The speedy re-opening of mothballed detention facilities and new construction projects along the border show the Biden administration knows exactly what is on the horizon. In a press conference on Monday, Department of Homeland Security (DHS) Secretary Alejandro Mayorkas clearly invites illegal border crossers to come to the United States, with one caveat — not now, but soon.
“We are not saying don’t come, we are saying don’t come now because we will be able to deliver a safe and orderly process to them as quickly as possible,” Secretary Mayorkas stated when answering a question related to how long it might take to rebuild the United States’ immigration system.
The re-opening of a facility in South Texas designed to accommodate an influx of unaccompanied migrant children and soft-sided detention facilities in the Texas Rio Grande Valley serve as telling signs of things to come. Primarily, that Secretary Mayorkas understands what the future holds as a result of the administration’s recent actions on border security and messaging. The recent revocations of the Trump administration’s tough measures to deter illegal migration is a clear invite.
It should come as no surprise that DHS’s efforts to “deliver a safe and orderly process” resulted in complete disorder along the U.S. border with Mexico. The situation at the border indicates they are preparing for the onslaught.
According to law enforcement sources, a soft-sided facility to accommodate 500 detainees will be constructed in Eagle Pass, Texas. The project is slated to begin next week. This facility will allow for the processing and temporary detention of asylum seekers that DHS is inviting to come to the United States. The facility is expected to open in April.
In previous years, detention facilities were designed to detain migrants in order to swiftly return them to Mexico or their home country. Existing immigration law affords few migrants to legally qualify for relief under asylum rules.
In light of that, Trump-era policy changes afforded for the speedy return of illegal migrants to await their asylum hearings. Through executive orders, President Joe Biden worked swiftly to undo those policies and agreements.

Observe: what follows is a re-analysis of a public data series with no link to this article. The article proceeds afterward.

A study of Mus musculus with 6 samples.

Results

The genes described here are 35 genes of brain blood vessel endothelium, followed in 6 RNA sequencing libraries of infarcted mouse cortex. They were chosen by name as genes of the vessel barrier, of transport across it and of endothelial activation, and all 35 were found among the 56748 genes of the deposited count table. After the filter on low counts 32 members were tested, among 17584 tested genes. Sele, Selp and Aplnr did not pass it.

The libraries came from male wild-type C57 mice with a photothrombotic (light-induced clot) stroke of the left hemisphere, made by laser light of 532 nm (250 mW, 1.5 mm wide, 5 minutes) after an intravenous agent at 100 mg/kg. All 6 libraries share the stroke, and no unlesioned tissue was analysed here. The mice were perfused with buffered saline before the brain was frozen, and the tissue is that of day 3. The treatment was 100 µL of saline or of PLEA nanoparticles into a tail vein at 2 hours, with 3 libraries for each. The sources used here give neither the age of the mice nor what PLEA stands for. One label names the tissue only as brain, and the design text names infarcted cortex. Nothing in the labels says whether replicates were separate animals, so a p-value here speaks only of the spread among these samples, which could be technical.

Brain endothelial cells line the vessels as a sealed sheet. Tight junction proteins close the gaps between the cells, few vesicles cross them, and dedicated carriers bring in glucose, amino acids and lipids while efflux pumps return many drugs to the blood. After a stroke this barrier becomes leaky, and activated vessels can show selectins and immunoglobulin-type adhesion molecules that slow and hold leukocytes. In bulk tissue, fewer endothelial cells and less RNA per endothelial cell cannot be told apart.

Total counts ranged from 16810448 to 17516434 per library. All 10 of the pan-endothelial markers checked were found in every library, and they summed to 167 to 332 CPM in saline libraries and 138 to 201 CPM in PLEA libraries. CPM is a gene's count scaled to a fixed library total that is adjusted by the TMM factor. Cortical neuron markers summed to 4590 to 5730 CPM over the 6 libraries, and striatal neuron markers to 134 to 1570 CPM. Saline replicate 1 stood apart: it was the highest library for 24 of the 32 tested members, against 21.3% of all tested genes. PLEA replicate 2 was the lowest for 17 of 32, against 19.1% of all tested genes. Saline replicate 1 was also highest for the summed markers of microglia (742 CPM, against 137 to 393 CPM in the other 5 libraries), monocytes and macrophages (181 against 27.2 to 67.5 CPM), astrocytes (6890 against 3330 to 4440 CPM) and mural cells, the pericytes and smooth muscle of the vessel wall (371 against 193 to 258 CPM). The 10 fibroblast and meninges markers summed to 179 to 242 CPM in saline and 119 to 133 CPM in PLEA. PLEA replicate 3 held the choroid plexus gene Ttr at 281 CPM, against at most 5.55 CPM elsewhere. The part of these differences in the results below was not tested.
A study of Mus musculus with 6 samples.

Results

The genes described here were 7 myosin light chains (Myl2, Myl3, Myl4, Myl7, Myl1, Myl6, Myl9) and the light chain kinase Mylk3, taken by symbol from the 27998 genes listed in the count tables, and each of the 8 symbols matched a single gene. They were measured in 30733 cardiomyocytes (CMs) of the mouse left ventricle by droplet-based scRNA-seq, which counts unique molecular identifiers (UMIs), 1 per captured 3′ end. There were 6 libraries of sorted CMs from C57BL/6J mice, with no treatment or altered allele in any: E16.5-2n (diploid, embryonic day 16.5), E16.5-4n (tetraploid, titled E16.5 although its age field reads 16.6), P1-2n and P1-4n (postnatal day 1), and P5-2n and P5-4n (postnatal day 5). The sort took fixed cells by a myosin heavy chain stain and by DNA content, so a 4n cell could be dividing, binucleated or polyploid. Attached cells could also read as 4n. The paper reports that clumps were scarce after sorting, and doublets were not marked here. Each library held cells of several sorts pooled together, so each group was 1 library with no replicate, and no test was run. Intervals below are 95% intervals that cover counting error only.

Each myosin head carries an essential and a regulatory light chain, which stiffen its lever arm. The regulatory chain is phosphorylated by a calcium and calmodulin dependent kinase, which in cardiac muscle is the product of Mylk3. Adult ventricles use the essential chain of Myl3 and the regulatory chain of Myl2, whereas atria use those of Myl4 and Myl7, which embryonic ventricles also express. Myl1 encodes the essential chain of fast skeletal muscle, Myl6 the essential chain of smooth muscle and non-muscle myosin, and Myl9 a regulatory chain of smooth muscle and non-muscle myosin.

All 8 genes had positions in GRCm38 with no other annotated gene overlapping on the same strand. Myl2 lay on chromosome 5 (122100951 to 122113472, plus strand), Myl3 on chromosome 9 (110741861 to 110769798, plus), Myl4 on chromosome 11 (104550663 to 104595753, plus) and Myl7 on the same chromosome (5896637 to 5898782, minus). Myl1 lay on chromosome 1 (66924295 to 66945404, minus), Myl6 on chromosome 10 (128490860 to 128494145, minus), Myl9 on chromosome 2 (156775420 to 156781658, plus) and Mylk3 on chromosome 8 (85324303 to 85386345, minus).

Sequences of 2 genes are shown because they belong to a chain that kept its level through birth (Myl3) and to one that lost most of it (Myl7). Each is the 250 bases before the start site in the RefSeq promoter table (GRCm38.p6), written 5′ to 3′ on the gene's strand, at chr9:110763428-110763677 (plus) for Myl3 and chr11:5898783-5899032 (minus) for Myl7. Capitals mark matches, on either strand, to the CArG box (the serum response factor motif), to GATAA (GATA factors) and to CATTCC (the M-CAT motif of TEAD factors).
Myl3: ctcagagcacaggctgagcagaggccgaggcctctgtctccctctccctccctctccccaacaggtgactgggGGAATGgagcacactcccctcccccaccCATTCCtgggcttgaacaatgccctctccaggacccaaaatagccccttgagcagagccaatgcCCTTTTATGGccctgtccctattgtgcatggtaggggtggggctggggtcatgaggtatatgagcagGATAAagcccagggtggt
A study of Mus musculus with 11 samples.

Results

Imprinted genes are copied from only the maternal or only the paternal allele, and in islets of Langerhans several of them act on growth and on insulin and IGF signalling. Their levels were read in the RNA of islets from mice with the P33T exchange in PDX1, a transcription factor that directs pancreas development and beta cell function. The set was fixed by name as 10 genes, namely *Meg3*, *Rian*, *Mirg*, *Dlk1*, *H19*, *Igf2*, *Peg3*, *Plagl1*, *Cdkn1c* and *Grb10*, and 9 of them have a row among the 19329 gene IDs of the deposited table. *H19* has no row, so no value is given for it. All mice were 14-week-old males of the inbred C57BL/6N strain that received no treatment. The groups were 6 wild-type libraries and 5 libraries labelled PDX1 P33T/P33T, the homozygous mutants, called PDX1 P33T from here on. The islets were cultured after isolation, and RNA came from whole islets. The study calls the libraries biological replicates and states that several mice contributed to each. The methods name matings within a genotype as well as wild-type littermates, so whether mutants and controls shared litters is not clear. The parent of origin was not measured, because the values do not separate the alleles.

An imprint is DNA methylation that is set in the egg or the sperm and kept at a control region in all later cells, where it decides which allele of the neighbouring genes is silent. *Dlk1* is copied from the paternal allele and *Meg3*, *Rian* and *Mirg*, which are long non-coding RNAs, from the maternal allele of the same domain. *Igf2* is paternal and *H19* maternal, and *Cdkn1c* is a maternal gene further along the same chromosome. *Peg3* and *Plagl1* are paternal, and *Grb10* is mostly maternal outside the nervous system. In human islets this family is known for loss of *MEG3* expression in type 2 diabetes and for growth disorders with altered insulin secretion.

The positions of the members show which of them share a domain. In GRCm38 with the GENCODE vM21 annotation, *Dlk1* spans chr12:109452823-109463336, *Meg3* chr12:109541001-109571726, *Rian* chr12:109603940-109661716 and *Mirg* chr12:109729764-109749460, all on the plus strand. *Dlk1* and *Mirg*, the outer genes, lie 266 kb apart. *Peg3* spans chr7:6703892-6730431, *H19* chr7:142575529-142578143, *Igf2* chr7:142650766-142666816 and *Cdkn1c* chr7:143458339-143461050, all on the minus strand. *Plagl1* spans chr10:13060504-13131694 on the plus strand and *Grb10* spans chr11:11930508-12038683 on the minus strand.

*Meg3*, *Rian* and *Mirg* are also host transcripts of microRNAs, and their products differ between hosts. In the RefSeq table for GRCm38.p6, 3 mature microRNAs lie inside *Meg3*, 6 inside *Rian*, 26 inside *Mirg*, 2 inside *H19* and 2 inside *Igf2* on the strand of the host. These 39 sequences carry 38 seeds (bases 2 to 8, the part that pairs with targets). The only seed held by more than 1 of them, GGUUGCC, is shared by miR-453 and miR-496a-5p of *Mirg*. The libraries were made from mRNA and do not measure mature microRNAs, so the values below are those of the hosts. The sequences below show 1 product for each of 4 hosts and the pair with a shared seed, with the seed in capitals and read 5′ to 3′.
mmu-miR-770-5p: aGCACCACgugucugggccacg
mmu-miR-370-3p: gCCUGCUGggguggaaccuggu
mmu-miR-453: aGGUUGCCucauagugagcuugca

The detention facilities being re-opened and constructed under this administration are not for the purpose of swift removal. Instead, they are for the purpose of facilitating swift release into the United States. The facilities will only serve as welcoming centers to quickly process illegal migrants entering the United States.
On Monday, trucks delivered construction materials to the re-opened Health and Human Services detention center for minors in Carrizo Springs, Texas. This is a clear signal DHS is continuing to prepare for the inevitable — an onslaught of unaccompanied migrant children. Signage outside the facility clearly spells out the purpose of the facility, “Youth who have traveled to the US alone are being placed in this shelter while case managers find family or sponsors in the US.”
According to senior-level law enforcement sources, Biden-appointed DHS officials in the beltway seemed perturbed when discussing the deportation process. “Why are we deporting anybody?” was the question posed by a new, high-level DHS appointee during a recent meeting. The mood at the highest levels of Customs and Border Protection management and ICE law enforcement officials is sullen. Many are expressing concern for what their field officers will be soon dealing with as a new, self-induced crisis is building.
The migrant’s hope of being allowed to enter the United States and gain release rises with each message from the Biden administration. The messengers, including Secretary Mayorkas, fail to consider the atrocities suffered by the migrants along the entire journey to the United States. They seem numb to the plight of thousands that are abused at the hands of human traffickers and the hundreds that die each year.
The migrants will still have to brave the hazards of an illegal crossing to take advantage of Secretary Mayorkas’s invitation. The border communities will continue to bear the financial burdens of caring for the migrants once released. Community leaders expressed little hope of reimbursement from the federal government. In addition, COVID-19 concerns still abound.
Randy Clark is a 32-year veteran of the United States Border Patrol. Prior to his retirement, he served as the Division Chief for Law Enforcement Operations, directing operations for nine Border Patrol Stations within the Del Rio, Texas Sector.